Yemeni women will die, aid workers warn, as UN cuts maternity services
Women in Yemen are already dying in childbirth and thousands more will be put at risk as U.N. funding cuts force reproductive health services to close, doctors and aid workers have warned.
Last month the U.N. Population Fund (UNFPA) stopped providing reproductive services in most of the 180 facilities it supports in Yemen, leaving about 320,000 pregnant women without care.
Since then, at least two women whose local maternity facilities closed have died in childbirth, said Nestor Owomuhangi, deputy representative of the UNFPA in Yemen.
"Complications cannot be handled at home, they have to be attended by a skilled health worker," Owomuhangi told the Thomson Reuters Foundation.
"Where you have no specialized care to at least check the dangerous signs of pregnancies, that's our worry."
His comments came after the head of the UNFPA Natalia Kanem urged international donors at a conference on Tuesday to give more to fund its operations, saying Yemeni women "cannot afford to wait".
The agency said it had received only 41% of the $100.5 million it needs to find its operations this year, even as it grapples with the impact of the coronavirus on a population weakened by malnutrition after five years of conflict.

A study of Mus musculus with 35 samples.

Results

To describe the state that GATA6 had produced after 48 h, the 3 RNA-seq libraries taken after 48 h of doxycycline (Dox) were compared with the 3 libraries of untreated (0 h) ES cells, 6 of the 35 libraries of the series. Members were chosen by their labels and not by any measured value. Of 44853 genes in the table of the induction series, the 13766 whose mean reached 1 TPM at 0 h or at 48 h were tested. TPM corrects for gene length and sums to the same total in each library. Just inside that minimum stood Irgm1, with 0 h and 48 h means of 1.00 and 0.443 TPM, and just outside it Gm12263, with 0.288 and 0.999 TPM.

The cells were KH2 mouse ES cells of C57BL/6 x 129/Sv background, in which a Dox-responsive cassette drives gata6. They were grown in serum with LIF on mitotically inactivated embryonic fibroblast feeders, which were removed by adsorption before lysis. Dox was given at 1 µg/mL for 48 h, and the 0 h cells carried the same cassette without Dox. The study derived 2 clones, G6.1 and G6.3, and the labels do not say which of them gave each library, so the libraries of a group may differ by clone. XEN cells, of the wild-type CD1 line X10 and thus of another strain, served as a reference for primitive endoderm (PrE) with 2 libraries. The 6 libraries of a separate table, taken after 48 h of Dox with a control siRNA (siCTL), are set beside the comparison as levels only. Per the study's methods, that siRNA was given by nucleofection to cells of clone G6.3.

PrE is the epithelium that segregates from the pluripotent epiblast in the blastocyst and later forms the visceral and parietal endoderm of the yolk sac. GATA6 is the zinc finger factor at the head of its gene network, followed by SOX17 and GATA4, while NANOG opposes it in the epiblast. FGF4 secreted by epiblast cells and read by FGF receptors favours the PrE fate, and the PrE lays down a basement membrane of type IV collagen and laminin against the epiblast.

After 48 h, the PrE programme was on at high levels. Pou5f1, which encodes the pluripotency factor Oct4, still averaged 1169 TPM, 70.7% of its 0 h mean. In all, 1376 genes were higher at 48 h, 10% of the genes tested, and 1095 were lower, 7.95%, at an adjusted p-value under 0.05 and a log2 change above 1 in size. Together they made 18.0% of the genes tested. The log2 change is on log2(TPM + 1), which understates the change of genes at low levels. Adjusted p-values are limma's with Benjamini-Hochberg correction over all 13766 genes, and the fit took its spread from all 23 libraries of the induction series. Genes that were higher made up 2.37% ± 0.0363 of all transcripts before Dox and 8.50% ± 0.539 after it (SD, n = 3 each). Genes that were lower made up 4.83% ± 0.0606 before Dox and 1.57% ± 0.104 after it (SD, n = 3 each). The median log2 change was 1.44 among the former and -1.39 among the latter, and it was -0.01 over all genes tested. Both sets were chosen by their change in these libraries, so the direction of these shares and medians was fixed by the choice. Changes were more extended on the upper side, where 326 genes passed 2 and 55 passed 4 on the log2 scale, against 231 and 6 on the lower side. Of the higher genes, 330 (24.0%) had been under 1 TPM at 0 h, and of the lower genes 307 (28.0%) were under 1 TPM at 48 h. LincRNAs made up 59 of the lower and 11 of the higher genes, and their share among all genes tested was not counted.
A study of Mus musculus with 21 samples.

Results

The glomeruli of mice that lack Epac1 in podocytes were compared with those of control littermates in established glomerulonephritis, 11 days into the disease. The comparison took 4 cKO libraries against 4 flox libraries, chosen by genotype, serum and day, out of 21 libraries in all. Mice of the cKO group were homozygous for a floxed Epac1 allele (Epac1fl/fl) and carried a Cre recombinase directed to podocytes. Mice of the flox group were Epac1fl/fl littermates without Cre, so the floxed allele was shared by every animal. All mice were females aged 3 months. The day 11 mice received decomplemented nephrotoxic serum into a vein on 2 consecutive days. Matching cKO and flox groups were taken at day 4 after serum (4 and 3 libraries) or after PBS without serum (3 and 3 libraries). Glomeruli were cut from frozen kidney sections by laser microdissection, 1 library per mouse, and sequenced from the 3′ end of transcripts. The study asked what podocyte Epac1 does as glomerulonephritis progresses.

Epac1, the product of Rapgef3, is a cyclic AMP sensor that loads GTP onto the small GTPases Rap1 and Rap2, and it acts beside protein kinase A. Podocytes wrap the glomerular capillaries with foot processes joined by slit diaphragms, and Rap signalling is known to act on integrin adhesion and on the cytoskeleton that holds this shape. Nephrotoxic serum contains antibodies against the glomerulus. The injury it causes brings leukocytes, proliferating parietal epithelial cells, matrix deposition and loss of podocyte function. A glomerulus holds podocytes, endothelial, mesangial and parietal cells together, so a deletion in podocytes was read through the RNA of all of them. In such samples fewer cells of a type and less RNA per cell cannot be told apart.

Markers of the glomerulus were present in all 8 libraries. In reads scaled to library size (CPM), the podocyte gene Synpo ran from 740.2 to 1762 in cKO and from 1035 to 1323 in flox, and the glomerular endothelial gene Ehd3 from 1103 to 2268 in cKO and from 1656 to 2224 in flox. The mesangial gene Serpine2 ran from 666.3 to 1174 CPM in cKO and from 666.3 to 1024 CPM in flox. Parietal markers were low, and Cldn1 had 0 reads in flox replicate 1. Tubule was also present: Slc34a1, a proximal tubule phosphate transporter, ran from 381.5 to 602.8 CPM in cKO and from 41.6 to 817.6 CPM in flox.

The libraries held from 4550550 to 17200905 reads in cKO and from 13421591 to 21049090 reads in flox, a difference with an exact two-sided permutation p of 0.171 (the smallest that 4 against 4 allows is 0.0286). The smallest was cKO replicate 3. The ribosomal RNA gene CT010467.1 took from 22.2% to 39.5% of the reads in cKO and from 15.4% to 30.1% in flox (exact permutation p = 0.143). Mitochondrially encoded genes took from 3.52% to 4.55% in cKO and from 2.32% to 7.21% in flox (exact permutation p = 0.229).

The conflict between a Saudi-led coalition and the Iran-aligned Houthi group has displaced 3.6 million people, and health care services are collapsing.
Jan Egeland, who heads the Norwegian Refugee Council, said millions of Yemenis were "staring down the double barrel of starvation and a global pandemic".
At least two reproductive health specialists and six midwives have died of the virus in Aden, said deputy health minister Eshraq al-Sebaai.
"Today we're in paralysis in the face of the corona pandemic, economic collapse, a war crisis and the disruption of financial support," she said by phone from the port city. "We are now in need of immediate and urgent support."
The UNFPA was the main supporter of reproductive healthcare in Yemen, equipping maternity wings and funding the pay of 3,800 workers who provide care to about 2 million women.
Yasser Nasser said cuts meant the Hajdah hospital where he works as technical director had lost its paediatrician, anaesthesiologist and midwives and had to stop providing free care.
"People are barely able to afford the transport to come to the hospital from their villages," he said. "When we tell them the truth... the shock is visible on the patients' faces."
Doctor Eshraq Omrani lost her job at the Shahel Rural Hospital in a remote town in northwest Yemen in May because the hospital could no longer afford to pay her or her colleagues in the maternity wing.
She said patients were still turning up to the hospital, but could not be given help.
"Whoever doesn't die of corona will now die because of pregnancy and childbirth complications," she said.